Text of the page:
BOSaNOVA Outlines the Green Effects of Thin Clients
January 26, 2009 Timothy Prickett Morgan
There are a lot of reasons why you might want to think about getting rid of PCs for a lot of end users at your company, but cutting back on energy use and therefore lowering your carbon footprint is something that more companies are taking seriously. Quite frankly, it is low hanging fruit, like using those swirly fluorescent bulbs instead of incandescent lighting.
To make its case, BOSaNOVA has put together a white paper promoting thin clients, which it makes a living selling. The company cites an estimate that has made the rounds in the PC-TC wars, claiming that if the 22.9 million desktop PCs used in the United States were converted to thin clients backed by server slices serving up the desktop applications, then companies would save close to $355 million. And that is just energy costs, since a PC burns anywhere from 65 to 250 watts of juice, while a thin client uses about 7 watts and a server slice uses about 40 watts.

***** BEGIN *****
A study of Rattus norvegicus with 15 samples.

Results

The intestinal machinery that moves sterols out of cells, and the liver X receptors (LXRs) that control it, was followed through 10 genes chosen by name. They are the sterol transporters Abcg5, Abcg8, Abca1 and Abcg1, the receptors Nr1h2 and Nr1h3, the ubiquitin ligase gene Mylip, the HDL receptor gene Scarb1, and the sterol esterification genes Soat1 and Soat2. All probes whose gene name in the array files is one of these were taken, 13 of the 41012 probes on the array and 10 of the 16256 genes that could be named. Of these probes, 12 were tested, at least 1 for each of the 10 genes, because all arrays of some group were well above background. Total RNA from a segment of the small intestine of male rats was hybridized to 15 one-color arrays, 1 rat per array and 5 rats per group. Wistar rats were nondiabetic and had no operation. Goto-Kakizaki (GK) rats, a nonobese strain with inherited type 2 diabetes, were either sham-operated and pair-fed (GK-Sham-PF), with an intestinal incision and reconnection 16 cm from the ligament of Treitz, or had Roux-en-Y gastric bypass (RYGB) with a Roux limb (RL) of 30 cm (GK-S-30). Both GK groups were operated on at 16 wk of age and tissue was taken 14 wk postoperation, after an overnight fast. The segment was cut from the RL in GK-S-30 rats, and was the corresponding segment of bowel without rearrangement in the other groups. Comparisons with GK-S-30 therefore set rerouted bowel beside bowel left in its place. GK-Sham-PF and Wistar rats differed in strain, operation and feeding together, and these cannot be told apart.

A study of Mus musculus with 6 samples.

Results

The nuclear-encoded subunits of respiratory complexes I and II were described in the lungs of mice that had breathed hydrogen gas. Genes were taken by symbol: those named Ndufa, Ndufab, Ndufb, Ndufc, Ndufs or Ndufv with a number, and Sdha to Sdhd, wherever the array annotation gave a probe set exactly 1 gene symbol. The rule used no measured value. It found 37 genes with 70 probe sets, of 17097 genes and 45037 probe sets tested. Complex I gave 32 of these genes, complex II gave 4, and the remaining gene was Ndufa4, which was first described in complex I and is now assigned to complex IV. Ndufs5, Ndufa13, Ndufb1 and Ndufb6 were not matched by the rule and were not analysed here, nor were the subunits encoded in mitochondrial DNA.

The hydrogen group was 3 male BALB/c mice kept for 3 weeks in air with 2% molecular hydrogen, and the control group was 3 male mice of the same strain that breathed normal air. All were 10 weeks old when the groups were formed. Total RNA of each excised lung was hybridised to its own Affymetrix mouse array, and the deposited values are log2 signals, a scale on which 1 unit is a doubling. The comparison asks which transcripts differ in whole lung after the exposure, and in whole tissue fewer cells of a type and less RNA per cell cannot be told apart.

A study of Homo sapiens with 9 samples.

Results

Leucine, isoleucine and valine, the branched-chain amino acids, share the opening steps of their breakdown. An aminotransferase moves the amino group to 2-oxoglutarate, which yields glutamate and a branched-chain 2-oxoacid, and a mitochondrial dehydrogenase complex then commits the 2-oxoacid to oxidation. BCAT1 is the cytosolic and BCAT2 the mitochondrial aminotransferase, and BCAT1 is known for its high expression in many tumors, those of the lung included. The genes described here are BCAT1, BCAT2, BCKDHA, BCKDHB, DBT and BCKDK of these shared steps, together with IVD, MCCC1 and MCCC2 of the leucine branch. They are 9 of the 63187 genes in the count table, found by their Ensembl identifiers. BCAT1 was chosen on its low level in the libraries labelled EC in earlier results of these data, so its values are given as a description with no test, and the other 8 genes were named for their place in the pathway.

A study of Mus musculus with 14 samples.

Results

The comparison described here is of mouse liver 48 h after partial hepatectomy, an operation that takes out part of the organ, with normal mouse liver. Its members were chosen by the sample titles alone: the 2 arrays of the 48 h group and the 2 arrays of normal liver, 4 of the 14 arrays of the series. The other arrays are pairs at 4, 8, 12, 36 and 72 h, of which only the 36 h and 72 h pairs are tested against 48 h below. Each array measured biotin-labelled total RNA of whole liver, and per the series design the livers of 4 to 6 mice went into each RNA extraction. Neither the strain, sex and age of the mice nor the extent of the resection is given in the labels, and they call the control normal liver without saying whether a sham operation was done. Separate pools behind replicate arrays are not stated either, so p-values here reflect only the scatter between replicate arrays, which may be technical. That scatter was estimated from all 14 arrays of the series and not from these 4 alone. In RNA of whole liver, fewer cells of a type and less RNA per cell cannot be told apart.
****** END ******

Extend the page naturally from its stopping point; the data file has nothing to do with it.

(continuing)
These numbers back up those we reported on from thin client maker IGEL in March 2008, which calculated that the thin client-server combination consumed 28 kilowatt-hours of juice on the client and 72 kilowatt-hours for the server, for a total of 100 kilowatt-hours; a PC running the same hours burned 149 kilowatt-hours.
To help you figure out your own costs, the white paper put out by BOSaNOVA lists the cost of electricity in the 50 states, which ranges from a low of 5.66 cents per kilowatt-hour in West Virginia to a high of 31.56 cents in Hawaii. The states on the East coast–New York, New Jersey, Connecticut, Massachusetts, and Rhode Island–cost between 17 and 19 cents per kilowatt-hour, which is a few pennies more expensive than even California. Obviously, the savings are largest here. The national average cost for electricity comes in at 10.7 cents per kilowatt-hour.
If you don’t want to do your own math on what you might save moving to thin clients from PCs, you can use an online calculator tool to do the math for you. It doesn’t look like the calculator is taking into account that you are feeding applications from a an i or Windows server, but to be fair to midrange shops, they already have this iron and it is already burning juice in their shops and already feeding Windows PCs sitting on their desks. If you need to add a server to feed the TCs, that’s different, of course. Then the savings will not be as large.